Dana Brown felt tired, but there were plenty of ways to explain that away. After all, the jail supervisor for the DeSoto Police Department was also busy pursuing her master’s degree in social work.
“I was really tired and exhausted all the time, and I was hardly getting any sleep,” she remembers, noting that her symptoms were very relatable for many other women in their late 40s.
Still, Dana Brown knew there was something more going on.
“I would notice my heart would beat extremely fast, to the point of me feeling dizzy,” Dana says.
It would happen while she was in the kitchen baking or simply doing dishes, even while she was driving. For years, doctors told her it was stress, and that she was probably just tired.
Thinking she had the flu, Dana visited her doctor and found out that she didn’t have the flu — nor did she have stress or fatigue. Her heart was racing at a whopping 230 beats a minute. Dana was diagnosed with supraventricular tachycardia (SVT), a big name for a condition that’s surprisingly simple to understand. Amit Guttigoli, MD, a cardiac electrophysiologist on the medical staff at Methodist Charlton Medical Center, describes it as “a short circuit in the heart’s electrical system that makes the heart rate really fast.”
And there was good reason it took Dana so long to get a diagnosis.
“In order for a doctor to pick up SVT on an EKG, it has to be happening as you’re being seen. In fact, they couldn’t pick it up for a long time because it would never ‘SVT’ while I was there,” Dana explains
One step forward
At Methodist Charlton, Dana was given the option of taking a pill for the rest of her life or having a cardiac ablation, a minimally invasive procedure to zap or burn the extra pathway that was causing the heart to race.
“I decided to stay on the pill for a while,” Dana says, hesitant to have anyone “messing around” with her heart. After all she had been through, who could blame her?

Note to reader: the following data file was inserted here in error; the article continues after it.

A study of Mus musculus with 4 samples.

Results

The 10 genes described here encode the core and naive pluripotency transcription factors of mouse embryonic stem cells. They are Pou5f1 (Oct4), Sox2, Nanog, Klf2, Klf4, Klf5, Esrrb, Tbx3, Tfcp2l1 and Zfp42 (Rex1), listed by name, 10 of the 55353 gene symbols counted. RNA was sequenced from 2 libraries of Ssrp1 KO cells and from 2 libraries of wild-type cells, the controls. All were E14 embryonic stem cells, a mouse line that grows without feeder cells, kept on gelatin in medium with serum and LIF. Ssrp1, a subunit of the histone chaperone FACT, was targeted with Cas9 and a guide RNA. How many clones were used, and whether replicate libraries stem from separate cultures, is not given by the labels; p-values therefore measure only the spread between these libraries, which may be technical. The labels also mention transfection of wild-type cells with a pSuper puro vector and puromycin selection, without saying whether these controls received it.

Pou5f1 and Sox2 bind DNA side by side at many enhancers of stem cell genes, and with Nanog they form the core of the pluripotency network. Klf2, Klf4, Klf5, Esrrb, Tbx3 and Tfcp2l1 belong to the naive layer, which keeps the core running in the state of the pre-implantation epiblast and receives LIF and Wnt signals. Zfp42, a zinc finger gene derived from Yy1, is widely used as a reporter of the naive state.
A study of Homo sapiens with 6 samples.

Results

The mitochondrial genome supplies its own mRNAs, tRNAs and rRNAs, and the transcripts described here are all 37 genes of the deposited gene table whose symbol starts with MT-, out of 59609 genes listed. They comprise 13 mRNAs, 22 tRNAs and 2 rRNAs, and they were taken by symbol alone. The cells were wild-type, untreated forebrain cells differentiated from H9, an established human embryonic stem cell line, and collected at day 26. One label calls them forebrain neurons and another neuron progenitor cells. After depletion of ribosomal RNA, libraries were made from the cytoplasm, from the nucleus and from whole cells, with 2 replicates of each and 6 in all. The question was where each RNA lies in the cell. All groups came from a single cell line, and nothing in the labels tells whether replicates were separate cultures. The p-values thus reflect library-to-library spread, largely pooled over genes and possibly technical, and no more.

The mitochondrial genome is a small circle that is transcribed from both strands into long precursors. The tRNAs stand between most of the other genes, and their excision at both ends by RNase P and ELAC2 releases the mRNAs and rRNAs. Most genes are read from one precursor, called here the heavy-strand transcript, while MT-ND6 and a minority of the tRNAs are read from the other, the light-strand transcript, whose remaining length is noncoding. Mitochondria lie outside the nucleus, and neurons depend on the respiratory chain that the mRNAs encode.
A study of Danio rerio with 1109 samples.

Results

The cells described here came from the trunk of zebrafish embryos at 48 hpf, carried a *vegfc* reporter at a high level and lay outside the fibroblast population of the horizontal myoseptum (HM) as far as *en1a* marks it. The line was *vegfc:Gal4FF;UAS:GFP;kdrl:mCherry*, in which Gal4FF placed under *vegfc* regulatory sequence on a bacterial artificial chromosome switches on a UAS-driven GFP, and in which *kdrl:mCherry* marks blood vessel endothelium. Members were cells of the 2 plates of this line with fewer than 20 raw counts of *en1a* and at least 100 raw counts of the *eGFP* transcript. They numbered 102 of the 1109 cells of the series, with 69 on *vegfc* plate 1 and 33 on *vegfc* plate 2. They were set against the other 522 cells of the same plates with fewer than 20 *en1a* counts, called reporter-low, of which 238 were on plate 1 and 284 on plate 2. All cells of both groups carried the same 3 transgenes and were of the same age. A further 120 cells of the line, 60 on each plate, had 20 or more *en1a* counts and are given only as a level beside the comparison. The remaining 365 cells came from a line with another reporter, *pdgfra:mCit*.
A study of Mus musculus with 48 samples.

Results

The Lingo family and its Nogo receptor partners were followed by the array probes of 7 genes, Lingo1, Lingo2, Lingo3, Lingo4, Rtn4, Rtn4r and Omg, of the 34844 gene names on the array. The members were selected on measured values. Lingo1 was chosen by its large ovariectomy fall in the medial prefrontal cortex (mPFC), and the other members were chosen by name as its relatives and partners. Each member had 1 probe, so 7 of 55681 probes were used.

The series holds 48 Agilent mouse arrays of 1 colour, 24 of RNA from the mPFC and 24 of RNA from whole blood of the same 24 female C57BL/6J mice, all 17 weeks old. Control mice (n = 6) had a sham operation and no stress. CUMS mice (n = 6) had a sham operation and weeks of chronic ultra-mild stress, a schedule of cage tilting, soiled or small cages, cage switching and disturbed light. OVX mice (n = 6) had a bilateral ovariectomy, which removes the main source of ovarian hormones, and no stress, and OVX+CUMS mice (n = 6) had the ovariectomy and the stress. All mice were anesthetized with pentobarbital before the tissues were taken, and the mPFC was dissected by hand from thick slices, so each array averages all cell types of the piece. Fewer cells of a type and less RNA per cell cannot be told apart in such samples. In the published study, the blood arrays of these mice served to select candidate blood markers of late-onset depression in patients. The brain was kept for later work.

But about a year later, she was driving home from work and started to get dizzy. She called OnStar, and the operator instructed her to pull over while they called the paramedics.
”The paramedics came and got me in the Applebee’s parking lot,” Dana recalls. “They noticed my heart rate was at 250. It was going up and down, up and down, from 250 to 190, and then it would shoot back up again to 230, then go back down.”
New lab opens just in time
The medicine was no longer working, so Dana opted for a cardiac ablation. Methodist Charlton had just opened an electrophysiology lab, specially equipped to enable an electrophysiologist to diagnose and treat arrhythmias such as atrial fibrillation, atrial flutter, and SVT.
Electrophysiology lab at Methodist Charlton Medical Center
While arrhythmias have traditionally been treated with medication, the lab — just minutes from home for Dana —allows many of these conditions to be treated through minimally invasive procedures. “The EP lab brings the latest technology in heart rhythm management to the community, allowing them to have the procedures they would previously have had to travel far to receive,” says Dr. Guttigoli, who performed the outpatient procedure on Dana in August.
These days, Dana is back in the kitchen without the fear that plagued her for so many years. Because she gave up caffeine early in her SVT journey, she had one last question for Dr. Guttigoli.
“Every now and then can I have a chocolate brownie?” she asked.
“You can have a chocolate brownie anytime you want,” he replied. “There are no restrictions. Your life is back to normal. You’re cured.”